New flowers and plants are growing in the Iowa woods — and so is a new crop of deer. Mick Klemesrud of the Iowa Department of Natural Resources says that means there’s more chance you might see a deer cross your path on the roadway. Klemesrud says the does are having a new crop of fawns and to do that the deer are running off last year’s fawns which are now yearlings. He says the yearlings don’t have mom to help them avoid traffic anymore.

Klemesrud says late May to the middle of June is the second worst time of the year for car/deer collisions behind the fall mating season. Klemesrud says the young deer are unpredictable as they learn to survive on their own. Klemesrud says the deer are so young and inexperienced that you can’t depend on any type of behavior, as the deer may run in and out of traffic several times. He says you need to slow down in wooded areas near parks and rivers and be on the lookout for deer.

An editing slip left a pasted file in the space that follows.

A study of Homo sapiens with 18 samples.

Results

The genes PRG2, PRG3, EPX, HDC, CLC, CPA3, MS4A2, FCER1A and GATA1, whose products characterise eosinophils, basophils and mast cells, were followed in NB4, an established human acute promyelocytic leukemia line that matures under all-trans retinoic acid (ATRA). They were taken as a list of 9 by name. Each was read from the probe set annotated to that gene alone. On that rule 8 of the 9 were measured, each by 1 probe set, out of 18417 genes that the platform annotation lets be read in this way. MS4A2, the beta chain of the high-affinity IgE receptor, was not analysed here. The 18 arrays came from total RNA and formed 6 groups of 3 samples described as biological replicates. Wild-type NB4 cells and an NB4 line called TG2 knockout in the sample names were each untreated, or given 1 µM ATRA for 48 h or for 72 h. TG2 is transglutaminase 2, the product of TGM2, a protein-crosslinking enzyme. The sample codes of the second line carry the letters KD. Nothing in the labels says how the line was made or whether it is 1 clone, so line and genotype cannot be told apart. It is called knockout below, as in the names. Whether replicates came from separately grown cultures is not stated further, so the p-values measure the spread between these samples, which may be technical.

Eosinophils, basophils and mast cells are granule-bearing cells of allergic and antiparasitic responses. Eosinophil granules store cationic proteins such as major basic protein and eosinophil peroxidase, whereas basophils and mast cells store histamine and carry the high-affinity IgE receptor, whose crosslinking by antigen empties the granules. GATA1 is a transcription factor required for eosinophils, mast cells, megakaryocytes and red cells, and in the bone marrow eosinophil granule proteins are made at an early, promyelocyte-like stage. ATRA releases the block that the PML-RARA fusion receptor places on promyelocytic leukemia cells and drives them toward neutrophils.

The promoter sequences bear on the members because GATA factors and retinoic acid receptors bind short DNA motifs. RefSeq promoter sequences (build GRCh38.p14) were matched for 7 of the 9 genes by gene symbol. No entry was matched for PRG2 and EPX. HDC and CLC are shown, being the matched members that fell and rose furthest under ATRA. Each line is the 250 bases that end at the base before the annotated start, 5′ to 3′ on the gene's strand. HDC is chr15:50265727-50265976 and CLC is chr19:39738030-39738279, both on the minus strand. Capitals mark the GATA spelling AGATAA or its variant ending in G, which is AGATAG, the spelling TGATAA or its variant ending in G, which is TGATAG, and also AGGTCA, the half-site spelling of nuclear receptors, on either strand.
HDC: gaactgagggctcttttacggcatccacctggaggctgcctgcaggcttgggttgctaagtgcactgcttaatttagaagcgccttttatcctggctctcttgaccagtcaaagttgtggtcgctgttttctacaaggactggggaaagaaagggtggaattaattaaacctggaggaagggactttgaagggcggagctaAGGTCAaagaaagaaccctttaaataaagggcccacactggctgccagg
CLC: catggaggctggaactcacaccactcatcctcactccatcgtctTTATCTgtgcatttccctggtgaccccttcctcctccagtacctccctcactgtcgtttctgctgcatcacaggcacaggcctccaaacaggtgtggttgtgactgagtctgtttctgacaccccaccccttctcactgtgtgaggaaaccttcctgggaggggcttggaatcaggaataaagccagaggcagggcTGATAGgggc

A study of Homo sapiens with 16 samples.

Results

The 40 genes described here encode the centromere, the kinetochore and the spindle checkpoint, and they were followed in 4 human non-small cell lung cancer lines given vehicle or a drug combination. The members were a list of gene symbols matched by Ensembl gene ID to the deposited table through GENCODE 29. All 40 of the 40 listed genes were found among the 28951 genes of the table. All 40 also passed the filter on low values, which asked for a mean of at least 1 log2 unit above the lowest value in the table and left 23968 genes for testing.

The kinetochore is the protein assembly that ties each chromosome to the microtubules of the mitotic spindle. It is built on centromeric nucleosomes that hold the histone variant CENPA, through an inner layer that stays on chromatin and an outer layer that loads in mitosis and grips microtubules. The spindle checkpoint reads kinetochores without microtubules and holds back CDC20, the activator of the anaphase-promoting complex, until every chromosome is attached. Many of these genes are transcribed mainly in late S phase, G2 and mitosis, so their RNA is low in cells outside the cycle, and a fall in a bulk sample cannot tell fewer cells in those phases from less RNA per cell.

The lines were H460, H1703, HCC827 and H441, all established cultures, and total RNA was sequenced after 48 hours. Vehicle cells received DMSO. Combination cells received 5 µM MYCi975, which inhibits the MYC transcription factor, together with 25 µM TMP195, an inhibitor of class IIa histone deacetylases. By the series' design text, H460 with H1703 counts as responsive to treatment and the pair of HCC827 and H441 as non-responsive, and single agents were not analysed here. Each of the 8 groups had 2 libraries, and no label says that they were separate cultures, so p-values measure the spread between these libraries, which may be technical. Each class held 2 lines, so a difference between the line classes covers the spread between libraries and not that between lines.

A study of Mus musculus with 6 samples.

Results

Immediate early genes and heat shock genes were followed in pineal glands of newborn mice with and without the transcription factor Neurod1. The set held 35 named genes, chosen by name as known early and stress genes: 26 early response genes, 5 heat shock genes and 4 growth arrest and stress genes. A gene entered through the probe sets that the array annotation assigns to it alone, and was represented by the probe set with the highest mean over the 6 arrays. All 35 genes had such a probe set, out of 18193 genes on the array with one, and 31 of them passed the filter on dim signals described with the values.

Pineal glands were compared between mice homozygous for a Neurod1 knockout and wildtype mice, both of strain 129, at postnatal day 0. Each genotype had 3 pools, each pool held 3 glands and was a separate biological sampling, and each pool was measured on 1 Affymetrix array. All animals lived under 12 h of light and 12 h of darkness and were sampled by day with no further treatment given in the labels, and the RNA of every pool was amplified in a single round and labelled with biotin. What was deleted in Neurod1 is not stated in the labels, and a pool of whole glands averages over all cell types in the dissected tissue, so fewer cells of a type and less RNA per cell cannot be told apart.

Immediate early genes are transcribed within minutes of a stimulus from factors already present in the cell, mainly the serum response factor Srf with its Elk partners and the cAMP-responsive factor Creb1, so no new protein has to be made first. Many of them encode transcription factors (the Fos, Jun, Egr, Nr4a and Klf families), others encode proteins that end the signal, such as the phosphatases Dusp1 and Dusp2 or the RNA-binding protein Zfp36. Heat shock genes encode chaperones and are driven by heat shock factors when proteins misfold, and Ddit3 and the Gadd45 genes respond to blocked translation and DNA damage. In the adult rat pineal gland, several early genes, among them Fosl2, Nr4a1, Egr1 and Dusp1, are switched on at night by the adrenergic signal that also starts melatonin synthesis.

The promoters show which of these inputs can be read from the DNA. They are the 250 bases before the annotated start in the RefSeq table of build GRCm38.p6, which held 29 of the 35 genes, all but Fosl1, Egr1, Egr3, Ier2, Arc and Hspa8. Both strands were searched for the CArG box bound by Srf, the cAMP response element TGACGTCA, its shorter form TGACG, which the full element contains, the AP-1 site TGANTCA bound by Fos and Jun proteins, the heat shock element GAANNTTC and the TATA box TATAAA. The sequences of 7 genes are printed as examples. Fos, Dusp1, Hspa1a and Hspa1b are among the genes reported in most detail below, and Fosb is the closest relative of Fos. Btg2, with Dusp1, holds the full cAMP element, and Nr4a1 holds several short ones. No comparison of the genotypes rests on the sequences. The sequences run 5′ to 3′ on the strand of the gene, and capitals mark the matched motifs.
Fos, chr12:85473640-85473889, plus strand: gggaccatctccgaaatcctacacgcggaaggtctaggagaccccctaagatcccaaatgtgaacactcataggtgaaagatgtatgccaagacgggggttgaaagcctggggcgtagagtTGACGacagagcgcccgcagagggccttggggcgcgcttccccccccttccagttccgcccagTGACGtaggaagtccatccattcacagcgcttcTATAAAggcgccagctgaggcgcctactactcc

Klemesrud says there’s really nothing you can do to avoid deer other than remain alert. He says honking and flashing your lights does not make the deer run away, and he says the deer whistles don’t work either. Klemesrud says you should avoid the time between dawn and dusk if possible to avoid the deer.

He says if you find a deer in your headlights — stay on the road and don’t try to veer around the animal. Klemesrud says it’s better to hit the deer with your car than it is to veer away and roll your car and risk losing your life. Klemesrud says the young deer will become better at avoiding traffic as they get older, but you should still always be on the lookout in areas where deer may be present.